I was never academic

Posted by kdow on Aug 30, 2016 1:18:32 PM

Academia was never my forté. Without sounding like a complete arsehole: I’ve always been smart enough to be lazy. In college I arguably did the bare minimum to pass my exams and end up with a respectable GPA. In my first few jobs I manage to do the same.

Until, I think about 5 years ago, when all of a sudden I took up a few new habits that got me to appear academic (I’m still definitely not academically strong; I’d fail every exam I ever took were I to do it now). The biggest is reading. I read nearly every day, and get through a few books a month. I try to balance some fiction with some business-ey type books to expand both my horizons & world view with my knowledge in some field.

However, today someone called me “decidedly academic.” Decidedly! My response was, and I quote verbatim, “my balls.”

The reason was that I was asked to review some materials related to someone who wants to buy marketing software to help grow their business. Their business generates a lot of leads: 100k per day (!!), but that’s not turning into solid, predictable SaaS-y (as in, monthly recurring) revenue.

My initial question was that the cost of the marketing growth engine they’re going to buy should be measured with a simple metric: €n per contact generated. To get solid ROI, enough contacts need to convert into paying customers to cover the cost. 100k per day is an absurd number and not realistic given the business model of free stuff, with some for-pay stuff. In other words, loading millions of contacts every month into an expense marketing suite isn’t going to return ROI.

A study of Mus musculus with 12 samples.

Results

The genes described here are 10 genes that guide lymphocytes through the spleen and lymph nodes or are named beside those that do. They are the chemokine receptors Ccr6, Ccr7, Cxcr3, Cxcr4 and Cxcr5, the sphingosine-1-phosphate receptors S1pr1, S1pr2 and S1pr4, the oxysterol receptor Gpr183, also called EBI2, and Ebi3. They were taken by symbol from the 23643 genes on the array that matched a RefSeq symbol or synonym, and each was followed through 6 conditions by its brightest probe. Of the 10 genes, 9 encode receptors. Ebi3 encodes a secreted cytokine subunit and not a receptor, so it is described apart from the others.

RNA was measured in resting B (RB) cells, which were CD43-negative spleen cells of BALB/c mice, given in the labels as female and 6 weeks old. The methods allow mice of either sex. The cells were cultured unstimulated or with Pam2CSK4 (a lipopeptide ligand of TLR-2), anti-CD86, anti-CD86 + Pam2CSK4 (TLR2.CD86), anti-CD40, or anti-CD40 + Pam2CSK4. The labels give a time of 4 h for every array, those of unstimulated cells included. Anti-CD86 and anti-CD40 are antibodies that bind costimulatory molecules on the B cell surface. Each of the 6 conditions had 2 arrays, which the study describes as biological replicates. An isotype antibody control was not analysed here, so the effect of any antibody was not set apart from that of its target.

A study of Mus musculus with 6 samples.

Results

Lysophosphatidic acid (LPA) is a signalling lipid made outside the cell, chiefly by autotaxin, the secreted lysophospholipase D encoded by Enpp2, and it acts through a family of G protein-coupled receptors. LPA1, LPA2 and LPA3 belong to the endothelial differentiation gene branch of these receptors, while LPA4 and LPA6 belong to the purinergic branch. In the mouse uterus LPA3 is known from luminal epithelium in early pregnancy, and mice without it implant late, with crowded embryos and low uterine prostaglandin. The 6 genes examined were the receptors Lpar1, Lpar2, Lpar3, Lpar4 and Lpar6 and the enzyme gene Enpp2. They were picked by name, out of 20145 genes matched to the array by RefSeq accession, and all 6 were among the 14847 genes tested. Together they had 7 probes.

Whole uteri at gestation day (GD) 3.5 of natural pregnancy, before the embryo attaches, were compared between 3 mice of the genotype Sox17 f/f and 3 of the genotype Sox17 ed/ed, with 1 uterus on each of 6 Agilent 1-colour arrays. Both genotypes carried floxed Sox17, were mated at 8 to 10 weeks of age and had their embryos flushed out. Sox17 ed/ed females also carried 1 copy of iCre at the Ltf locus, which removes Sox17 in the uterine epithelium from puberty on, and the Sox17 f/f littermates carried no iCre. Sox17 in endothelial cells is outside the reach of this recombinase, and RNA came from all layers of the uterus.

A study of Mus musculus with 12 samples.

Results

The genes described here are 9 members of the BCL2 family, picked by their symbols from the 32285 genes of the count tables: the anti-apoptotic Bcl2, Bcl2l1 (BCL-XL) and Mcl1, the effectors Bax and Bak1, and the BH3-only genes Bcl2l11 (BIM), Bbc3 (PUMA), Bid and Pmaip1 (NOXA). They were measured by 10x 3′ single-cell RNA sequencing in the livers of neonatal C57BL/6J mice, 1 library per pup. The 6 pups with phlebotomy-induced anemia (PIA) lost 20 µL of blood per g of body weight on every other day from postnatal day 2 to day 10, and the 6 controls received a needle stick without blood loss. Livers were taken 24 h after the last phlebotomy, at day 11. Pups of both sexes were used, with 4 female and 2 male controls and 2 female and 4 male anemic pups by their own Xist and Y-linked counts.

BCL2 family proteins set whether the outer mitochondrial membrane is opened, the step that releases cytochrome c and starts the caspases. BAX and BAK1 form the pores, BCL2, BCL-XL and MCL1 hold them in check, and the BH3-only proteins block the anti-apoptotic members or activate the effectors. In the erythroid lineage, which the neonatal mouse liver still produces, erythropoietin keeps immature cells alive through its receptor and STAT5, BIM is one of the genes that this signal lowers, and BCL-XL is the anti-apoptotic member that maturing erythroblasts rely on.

So I decided to dig in with a reply to this email asking what things to consider. I looked up the website on Alexa, SEMRush, Quantcast and a few others that do similar things. Which is to say I tried to gauge how popular the site is, without believing the idea that this website generates 100k solid leads a day, which is the only real information I had… outside of the domain name and some cursory meta data.

Digging in I found some interesting stats:

  • Organically, via SEO channels, the site gets about 25,000 hits per day. However, those visitors bounce at an alarmingly high rate (between 40 & 60%). Of the rest, most of them stay for 8 minutes. This site is an online learning platform, specifically for languages. 8 minutes to learn a language? Doubt that’s a real contact that’ll deliver ROI.
  • Most of the traffic comes from mad places like Nigeria. 10% comes from the US, and this doesn’t account for Google bots & the like. 15% comes from India.
  • Most of the search terms are obvious for the business of online courses. But nearly all of the top search results for this site include the trigger word: free.

Coupling a huge volume from India with the SEO trigger free equals unqualified leads. Considering the paid product they want to sell is up against lots of free alternatives, those 100k daily contacts aren’t real.

Cursory research lead to a simple suggestion: don’t buy into the marketing suite all-in. Spend some money on a middle-man software that digs into some triggers to find product qualified leads from the 100k per day. These leads could be folks who visit a pricing page for more than n-seconds, complete some high value free courses, or similar. Then, and only then, shift those leads from some data store (a big free CRM, even if it’s just Google sheets), over to the marketing platform to actively market them towards a paid-tier product.

Even if they manage to tap into 1% of their organic free leads from India to convert them to paid users, the €n per contact tier pricing for the marketing growth engine would return huge ROI per annum.

So what the hell was that post about? Marketing? Academia? Both.

I still hold true that I’m the least academic person in my business. Hell, I’m the least academic person in my team. But you know what? Being academic doesn’t mean you can’t pull an MBA-level analysis based on some corpus of data fairly handily.

Everyone can bluff academia. Just don’t get cocky!